Implanting pets with a microchip is becoming standard for most pet owners. But just how well do those chips work?
For Lois Wilson it works just fine. Her dog Bullet is more than a just a pet, he’s been a form of therapy for her since she lost her husband two years ago.
“I’ve had Bullet about three years. My husband got him right before he passed away with a heart attack and he’s been my little buddy ever since,” she said.
To make sure she can always find her buddy, Wilson had him implanted with a microchip.
It’s a device that gives out a frequency and has a number that will lead to her contact information.
“I wouldn’t have a dog without one because you invest a lot of time with your dog and a lot of money and you definitely want to make sure he’s safe,” she said.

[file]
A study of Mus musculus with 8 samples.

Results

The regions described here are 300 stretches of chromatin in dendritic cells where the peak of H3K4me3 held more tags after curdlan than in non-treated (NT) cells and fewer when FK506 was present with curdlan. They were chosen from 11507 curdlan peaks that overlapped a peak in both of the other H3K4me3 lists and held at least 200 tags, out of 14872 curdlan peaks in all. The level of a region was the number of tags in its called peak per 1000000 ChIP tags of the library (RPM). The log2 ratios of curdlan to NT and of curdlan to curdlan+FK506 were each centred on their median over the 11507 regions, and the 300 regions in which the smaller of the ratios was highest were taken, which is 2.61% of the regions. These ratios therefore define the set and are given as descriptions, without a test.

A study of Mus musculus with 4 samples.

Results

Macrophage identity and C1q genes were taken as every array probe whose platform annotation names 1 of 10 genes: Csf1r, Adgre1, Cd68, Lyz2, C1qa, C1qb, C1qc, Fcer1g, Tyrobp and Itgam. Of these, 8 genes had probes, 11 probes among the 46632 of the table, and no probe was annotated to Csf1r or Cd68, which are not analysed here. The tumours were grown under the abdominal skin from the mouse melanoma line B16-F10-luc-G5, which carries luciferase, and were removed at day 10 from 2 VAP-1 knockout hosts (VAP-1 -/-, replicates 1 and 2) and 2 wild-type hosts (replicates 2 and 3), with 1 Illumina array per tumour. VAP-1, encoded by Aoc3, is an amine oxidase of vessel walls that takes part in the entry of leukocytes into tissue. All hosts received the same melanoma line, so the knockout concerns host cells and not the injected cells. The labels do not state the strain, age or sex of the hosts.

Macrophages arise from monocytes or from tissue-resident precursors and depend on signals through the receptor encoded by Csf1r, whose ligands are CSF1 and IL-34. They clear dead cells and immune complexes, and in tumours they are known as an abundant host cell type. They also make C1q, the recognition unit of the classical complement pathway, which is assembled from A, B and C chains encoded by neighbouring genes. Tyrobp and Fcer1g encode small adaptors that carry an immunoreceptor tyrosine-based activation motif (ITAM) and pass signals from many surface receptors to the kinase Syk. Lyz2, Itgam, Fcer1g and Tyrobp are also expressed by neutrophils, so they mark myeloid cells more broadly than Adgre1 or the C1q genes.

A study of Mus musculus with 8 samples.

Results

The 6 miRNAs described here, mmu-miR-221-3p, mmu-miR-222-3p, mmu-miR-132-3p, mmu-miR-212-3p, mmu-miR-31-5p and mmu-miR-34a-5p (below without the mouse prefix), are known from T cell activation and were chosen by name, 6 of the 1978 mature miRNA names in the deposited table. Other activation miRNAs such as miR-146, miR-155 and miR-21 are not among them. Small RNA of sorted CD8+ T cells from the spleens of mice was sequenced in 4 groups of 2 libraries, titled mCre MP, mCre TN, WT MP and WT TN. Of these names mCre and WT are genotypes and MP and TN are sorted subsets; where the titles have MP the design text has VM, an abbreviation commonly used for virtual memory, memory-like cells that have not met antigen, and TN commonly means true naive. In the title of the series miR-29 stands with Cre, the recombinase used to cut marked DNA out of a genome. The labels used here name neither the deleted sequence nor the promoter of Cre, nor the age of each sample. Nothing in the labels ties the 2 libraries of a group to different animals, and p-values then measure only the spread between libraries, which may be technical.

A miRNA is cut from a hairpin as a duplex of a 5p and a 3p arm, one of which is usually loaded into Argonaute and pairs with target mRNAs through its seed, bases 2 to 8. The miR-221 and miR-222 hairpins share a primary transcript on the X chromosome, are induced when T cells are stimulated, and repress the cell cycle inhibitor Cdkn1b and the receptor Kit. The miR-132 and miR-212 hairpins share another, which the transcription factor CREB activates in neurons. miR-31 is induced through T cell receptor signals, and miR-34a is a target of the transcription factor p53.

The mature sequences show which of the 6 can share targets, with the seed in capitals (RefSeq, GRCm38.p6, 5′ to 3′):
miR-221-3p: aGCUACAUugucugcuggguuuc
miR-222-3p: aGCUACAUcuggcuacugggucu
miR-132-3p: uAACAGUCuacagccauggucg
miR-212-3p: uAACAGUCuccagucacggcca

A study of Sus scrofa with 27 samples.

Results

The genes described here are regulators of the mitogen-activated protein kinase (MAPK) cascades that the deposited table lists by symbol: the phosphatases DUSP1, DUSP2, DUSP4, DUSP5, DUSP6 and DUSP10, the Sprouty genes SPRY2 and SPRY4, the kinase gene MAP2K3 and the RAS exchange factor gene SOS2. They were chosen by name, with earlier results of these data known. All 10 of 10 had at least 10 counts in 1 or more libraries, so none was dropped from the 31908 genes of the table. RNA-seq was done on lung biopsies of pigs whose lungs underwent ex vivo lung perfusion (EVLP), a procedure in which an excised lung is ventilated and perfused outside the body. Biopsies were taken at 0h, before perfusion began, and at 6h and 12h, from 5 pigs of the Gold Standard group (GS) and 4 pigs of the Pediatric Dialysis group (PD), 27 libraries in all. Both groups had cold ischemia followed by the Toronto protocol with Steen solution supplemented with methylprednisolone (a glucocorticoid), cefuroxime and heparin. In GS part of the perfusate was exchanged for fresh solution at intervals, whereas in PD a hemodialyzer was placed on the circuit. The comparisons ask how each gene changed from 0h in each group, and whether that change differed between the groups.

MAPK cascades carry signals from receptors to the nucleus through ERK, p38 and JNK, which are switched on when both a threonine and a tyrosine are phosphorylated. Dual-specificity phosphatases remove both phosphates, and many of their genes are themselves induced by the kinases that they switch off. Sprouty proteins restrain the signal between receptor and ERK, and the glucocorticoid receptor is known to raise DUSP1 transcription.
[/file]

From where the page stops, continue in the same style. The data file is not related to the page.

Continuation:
But sometimes the chip doesn't work.
Just this week the Hillsborough County Sheriff’s cattle dog "Doc" went missing. And when a vet scanned the lost pooch, no chip showed up.
Veterinarian Donna McWilliams says it could've been a number of things.
“There are occasions where we know a chip is implanted and maybe for whatever reason the frequency is no longer giving off so then when the scanner is wanded or waived over the animal, no identification is noted,” McWilliams said.
The chip may have also moved. But in most cases, the microchip does its job. And that's enough to give Lois Wilson the security of knowing her dog "Bullet" will be returned if he's ever lost.
Veterinarians say one of the common misconceptions about the micro chip is that it has a GPS. it does not. It will only scan and give a number to track down its owner.